Jet Airways in talks for an order of at least 100 aircraft.
The new owners of once-bankrupt Jet Airways India are in talks with Boeing and Airbus to purchase at least 100 narrowbody jets for the carrier’s fleet in a bid to revive what used to be the biggest private airline in the South Asian nation before it collapsed under a pile of debt.
The winning bidders for Jet Airways in a state-run bankruptcy resolution process — Dubai-based, Indian-origin businessman Murari Lal Jalan and Florian Fritsch, the chairman of London-based financial advisory and alternative asset manager Kalrock Capital Management Ltd. — plan to start flights in the first three months of next year, Ankit Jalan, a representative for the consortium, said in an interview with Bloomberg News.
The group will invest around 15 billion rupees ($200 million) via equity and debt in the airline over the next six months, half a year earlier than originally planned, Jalan, who is Murari Lal’s nephew, said earlier this week.
The potential revival of Jet Airways, which forced creditors to take a 95% haircut, will be the first for any airline under India’s bankruptcy laws and will intensify competition in one of the world’s most cut-throat aviation markets. Founded by ticketing agent-turned-entrepreneur Naresh Goyal after India ended a state monopoly on aviation in the early 1990s, Jet Airways became popular among fliers as an attractive alternative to Air India Ltd., offering full-service flights to cities including London and Singapore, before a bunch of low-cost airlines ushered in cheap fares for no-frills services.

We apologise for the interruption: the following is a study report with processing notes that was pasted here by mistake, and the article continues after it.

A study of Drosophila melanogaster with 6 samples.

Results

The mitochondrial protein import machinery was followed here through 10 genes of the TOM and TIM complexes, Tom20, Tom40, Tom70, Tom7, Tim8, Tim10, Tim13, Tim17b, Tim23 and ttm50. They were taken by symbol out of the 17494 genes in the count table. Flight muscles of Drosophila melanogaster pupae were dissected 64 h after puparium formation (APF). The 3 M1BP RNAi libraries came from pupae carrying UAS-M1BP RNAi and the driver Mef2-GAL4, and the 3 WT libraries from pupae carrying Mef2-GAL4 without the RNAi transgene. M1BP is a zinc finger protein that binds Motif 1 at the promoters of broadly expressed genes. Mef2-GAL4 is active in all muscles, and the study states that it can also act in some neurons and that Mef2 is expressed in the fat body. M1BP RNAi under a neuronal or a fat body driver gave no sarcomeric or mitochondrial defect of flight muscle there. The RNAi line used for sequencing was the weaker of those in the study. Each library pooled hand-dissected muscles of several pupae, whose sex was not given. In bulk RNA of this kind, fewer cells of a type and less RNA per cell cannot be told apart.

“The reaction that we saw of the Jet Airways brand coming back was motivation in itself,” 37-year old Jalan, who’s leading the consortium’s airline venture, said from the old offices of Jet Airways just outside of New Delhi on Wednesday evening. “That’s exactly why Jet is coming back; to serve the loyal fan base, to serve the people who miss Jet Airways.”
Jet Airways — which had almost 21,000 creditors seeking claims of around $6 billion under the bankruptcy process — is reentering a notoriously tough market. Kingfisher Airlines Ltd., founded by beer tycoon Vijay Mallya, ended operations in 2012 after failing to clear its dues to banks, staff, lessors and airports. SpiceJet almost collapsed two years later before its founders returned to gain control and revive the company. Singapore Airlines Ltd. and AirAsia Group Bhd. have also set up local affiliates, but they aren’t making any money.
Jet Airways is now left with a fleet of 11 planes, including Boeing 737s and 777s, as well as Airbus A330 jets. But those aircraft are mostly old and need to be sold and replaced with newer, more fuel-efficient ones, Jalan said. A deal for the most popular model of Boeing 737 Max jets could cost more than $12 billion, although discounts are common in large orders.
Options for the plane deal includes both outright purchase and leasing, Jalan said. While Airbus is looking at possible early delivery of its most popular A320neo jets, which are already sold out for several years, Boeing may potentially relook at an old 225-plane order for 737 Max aircraft, which Jet Airways had placed before going belly up, Jalan said. A decision is expected by early next month.